Progenitor for Tycho’s supernova was not hot and luminous
September 25, 2017
An international team of scientists from the Monash University (Melbourne, Australia), the Towson and Pittsburgh Universities (USA) and the Max Planck Institute for Astrophysics, has shed new light on the origins of the famous Tycho’s supernova. The research, published in Nature Astronomy, debunks the common view that Tycho’s supernova originated from a white dwarf, which had been slowly accreting matter from its companion in a binary system.
Type Ia supernovae (SNe Ia) serve as standard candles of modern observational cosmology; they also play a vital role in galactic chemical evolution. However, the origin of these gigantic cosmic explosions remains uncertain. Although there is a nearly universal consensus that SNe Ia are a result of the thermonuclear disruption of a white dwarf consisting of carbon and oxygen reaching the Chandrasekhar mass limit (about 1.4 times the mass of our Sun), the exact nature of their progenitors is still unknown. The white dwarf could have been gradually accumulating matter from a companion star thus reaching the Chandrasekhar mass limit, at which point the nuclear runaway began; or the nuclear explosion could have been triggered by the merger of two white dwarfs in a compact binary system. These two scenarios differ dramatically in the level of electromagnetic emission expected from the progenitor during millions of years prior to the explosion.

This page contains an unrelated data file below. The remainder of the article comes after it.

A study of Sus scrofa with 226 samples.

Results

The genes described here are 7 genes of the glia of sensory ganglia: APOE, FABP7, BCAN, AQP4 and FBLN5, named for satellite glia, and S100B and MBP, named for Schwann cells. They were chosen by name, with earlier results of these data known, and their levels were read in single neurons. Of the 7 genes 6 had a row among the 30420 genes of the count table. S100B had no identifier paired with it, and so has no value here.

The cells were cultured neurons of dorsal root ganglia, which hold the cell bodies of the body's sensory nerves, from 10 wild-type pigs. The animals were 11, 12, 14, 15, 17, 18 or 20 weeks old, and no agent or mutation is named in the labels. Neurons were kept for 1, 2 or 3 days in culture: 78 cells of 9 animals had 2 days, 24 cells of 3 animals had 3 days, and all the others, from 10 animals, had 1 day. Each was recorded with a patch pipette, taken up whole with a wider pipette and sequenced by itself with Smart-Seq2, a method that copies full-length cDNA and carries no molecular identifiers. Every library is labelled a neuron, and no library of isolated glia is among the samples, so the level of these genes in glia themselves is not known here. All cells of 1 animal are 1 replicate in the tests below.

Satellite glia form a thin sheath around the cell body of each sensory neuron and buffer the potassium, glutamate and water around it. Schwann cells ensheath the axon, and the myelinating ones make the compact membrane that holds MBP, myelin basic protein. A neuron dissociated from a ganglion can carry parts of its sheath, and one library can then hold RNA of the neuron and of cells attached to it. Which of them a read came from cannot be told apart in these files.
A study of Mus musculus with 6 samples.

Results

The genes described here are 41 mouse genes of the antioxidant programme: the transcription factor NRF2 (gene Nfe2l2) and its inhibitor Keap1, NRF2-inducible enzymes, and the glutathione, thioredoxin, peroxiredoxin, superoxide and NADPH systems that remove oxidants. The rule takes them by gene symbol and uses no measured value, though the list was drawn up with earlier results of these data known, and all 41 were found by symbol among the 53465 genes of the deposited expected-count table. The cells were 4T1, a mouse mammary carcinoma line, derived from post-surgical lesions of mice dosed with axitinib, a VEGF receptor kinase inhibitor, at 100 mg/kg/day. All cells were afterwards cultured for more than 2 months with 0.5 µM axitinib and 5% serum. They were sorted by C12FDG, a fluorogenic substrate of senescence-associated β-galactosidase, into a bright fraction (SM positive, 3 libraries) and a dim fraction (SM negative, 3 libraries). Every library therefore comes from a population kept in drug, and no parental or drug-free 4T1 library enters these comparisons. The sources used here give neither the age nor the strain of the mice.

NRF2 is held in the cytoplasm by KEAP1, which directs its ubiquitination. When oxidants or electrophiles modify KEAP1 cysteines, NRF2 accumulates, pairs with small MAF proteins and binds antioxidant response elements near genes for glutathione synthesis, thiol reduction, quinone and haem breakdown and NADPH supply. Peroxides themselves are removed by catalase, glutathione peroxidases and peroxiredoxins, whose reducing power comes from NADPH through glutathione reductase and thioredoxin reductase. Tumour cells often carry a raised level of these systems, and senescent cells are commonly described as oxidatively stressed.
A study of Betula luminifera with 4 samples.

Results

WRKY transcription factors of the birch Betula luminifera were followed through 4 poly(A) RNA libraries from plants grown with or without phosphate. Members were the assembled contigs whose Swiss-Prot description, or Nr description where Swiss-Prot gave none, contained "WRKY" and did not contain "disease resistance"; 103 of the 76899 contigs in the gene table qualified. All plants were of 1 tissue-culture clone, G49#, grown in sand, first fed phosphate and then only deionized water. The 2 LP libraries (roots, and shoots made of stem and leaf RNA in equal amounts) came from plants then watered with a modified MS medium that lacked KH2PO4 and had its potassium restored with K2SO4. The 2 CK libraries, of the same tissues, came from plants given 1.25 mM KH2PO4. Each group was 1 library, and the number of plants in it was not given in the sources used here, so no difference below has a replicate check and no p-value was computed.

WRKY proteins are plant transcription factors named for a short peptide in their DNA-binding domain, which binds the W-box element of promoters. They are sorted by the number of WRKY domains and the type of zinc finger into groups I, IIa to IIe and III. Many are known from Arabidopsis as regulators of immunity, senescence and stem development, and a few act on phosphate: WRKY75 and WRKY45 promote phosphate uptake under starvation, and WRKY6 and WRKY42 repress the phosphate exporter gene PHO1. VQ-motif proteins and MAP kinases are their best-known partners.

A white dwarf that is accreting material from the donor star becomes a source of copious X-ray and extreme UV photons – the canonical accretion scenario implies a hot and luminous progenitor that would ionize all surrounding gas within a radius of ~10–100 parsecs (up to about 300 light-years), the so called Strömgren sphere. After the white dwarf is disrupted in the supernova explosion, the source of ionizing emission disappears. However, it takes quite a long time for the interstellar gas to recombine and to become neutral again – an ionized nebula will continue to exist around the supernova for about 100,000 years after the explosion. Thus, the detection of even small amounts of neutral gas in the vicinity of a supernova can help scientists to place tight constraints on the temperature and luminoisty of the progenitor.
445 years ago, Tycho Brahe observed a stella nova (“new star”) in the night sky. Brighter than Venus when it first appeared, it faded over the following year. Today, we know that Tycho had observed a nuclear disruption of a white dwarf – a type Ia supernova. Due to its history and relative proximity to Earth, Tycho’s supernova is one of the most well-documented examples of a Type Ia supernova.
In particular, we know from optical observations that the supernova remnant today is expanding into the mostly neutral gas. Thus, using the remnant itself as a probe of its environment, scientists could exclude hot luminous progenitors that would have produced a Strömgren sphere larger than the radius of the present remnant (~3 parsecs). This conclusively rules out steadily nuclear-burning white dwarfs (supersoft X-ray sources), as well as disk emission from a Chandrasekhar-mass white dwarf accreting more than one solar mass in approximately 100 million years (recurrent novae). The lack of a surrounding Strömgren sphere is consistent with the merger of a double white dwarf binary, although other more exotic scenarios may be also possible.